Employers can draft and utilize a well-drafted handbook to avoid lawsuits and pursue their business mission. But, too often, these documents remain unchanged for a long time and any errors or ambiguities can cause problems long after these documents are drafted.


An employee handbook can help prevent employment law problems. But using boilerplate language from a form or online source will not address how a particular business conducts its business and its culture. Handbooks may incorporate some relevant examples but should be tailored for a particular business.

Handbooks should include, and be revised as appropriate, to include the company’s policies and relevant laws or regulations. Employees must have one source of information. They should not have to compile and review numerous emails or bulletin postings.

Drafting also needs to be concise so the handbook is user-friendly. Avoid legalese, passive voice, and extensive detail.


Employee handbooks need to contain a disclaimer that its contents do not create an employment contract or changes to the at-will employment relationship. It should omit 90-day probationary language for at-will employees.

Add a disclaimer that the handbook cannot address every situation that arises so that the employer has flexibility with addressing unique or unforeseen situations.

Social media policies

Employers cannot impose a blanket policy prohibiting negative posts about their company. Total prohibition could violate section 7 of the National Relations Act. Employees also have the right to discuss wages and other workplace issues with their co-workers without suffering reprisal.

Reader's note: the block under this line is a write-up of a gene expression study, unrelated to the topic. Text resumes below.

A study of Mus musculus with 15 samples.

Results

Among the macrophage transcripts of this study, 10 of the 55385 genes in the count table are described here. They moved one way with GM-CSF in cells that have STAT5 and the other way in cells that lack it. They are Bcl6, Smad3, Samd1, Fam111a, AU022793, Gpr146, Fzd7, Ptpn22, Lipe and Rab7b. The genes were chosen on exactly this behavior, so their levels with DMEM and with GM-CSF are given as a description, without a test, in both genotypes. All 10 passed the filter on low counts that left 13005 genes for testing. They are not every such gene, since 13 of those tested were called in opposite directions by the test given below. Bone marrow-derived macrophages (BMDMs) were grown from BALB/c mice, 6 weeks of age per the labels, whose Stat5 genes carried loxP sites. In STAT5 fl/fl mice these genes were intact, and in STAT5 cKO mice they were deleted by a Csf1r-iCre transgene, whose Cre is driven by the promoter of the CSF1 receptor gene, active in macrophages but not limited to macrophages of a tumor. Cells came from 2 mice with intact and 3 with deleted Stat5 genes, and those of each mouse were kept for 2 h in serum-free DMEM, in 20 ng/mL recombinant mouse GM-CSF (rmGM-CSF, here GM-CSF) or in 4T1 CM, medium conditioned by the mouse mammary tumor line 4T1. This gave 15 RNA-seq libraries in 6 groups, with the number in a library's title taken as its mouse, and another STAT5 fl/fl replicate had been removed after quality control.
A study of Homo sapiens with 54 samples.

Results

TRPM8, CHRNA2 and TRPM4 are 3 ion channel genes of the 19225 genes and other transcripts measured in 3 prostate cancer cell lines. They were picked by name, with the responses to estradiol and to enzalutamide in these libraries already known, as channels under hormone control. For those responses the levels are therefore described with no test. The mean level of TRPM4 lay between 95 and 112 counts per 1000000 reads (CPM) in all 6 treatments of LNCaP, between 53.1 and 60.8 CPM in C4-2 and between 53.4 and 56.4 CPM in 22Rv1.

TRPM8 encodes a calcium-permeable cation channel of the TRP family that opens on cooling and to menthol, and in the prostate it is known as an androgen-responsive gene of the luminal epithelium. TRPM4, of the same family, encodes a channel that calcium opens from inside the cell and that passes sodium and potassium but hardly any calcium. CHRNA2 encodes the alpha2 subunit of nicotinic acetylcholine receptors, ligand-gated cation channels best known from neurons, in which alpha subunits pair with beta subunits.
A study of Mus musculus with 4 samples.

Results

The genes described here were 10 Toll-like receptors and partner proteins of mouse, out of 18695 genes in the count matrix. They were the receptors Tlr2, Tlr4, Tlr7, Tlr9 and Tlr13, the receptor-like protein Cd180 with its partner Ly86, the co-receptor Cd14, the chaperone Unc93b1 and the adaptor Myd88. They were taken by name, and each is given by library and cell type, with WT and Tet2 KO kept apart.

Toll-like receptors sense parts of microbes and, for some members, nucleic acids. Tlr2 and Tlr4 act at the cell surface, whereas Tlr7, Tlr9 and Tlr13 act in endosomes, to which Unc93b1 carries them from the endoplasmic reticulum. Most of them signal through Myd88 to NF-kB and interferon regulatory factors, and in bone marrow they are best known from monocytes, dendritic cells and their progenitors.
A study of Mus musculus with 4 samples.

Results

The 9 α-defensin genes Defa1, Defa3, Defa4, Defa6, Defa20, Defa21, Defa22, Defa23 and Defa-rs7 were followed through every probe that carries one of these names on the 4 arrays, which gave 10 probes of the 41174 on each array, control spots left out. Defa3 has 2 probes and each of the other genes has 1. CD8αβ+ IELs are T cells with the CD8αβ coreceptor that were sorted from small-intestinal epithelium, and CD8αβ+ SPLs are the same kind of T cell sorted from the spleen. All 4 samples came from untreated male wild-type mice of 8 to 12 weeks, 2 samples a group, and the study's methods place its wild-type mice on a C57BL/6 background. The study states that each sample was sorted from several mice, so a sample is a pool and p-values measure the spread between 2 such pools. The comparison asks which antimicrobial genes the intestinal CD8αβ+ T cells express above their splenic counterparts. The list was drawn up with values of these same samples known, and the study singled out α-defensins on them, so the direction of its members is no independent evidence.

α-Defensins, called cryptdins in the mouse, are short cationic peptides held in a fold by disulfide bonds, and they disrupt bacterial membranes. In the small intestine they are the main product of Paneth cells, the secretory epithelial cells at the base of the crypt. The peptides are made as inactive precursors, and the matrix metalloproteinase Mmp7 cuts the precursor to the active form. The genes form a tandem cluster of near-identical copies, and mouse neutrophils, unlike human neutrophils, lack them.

Employers may suggest that employees add a disclaimer to their posits that their opinions are their own and do not represent their employer.


Handbooks should describe conduct that may lead to discipline and the potential penalties that may be imposed. The handbook must also clearly set forth an anti-harassment policy and what employees should do if they are harassed.

Companies should not adopt an inflexible step discipline policy. Handbooks need to have a disclaimer that companies may omit disciplinary steps depending on the severity of the infraction or harassment.


Managers and supervisors need regular training on handbook policies, so they are implemented correctly. They should also regularly review policies to assure their consistent application.


Inconsistent application can harm morale, excuse employees from compliance and make the handbook irrelevant. Employees may claim discrimination if there is different discipline for the same infraction.


Attorneys can assist employers draft handbooks that meets their needs and avoids lawsuits. They can also assure that it addresses current laws.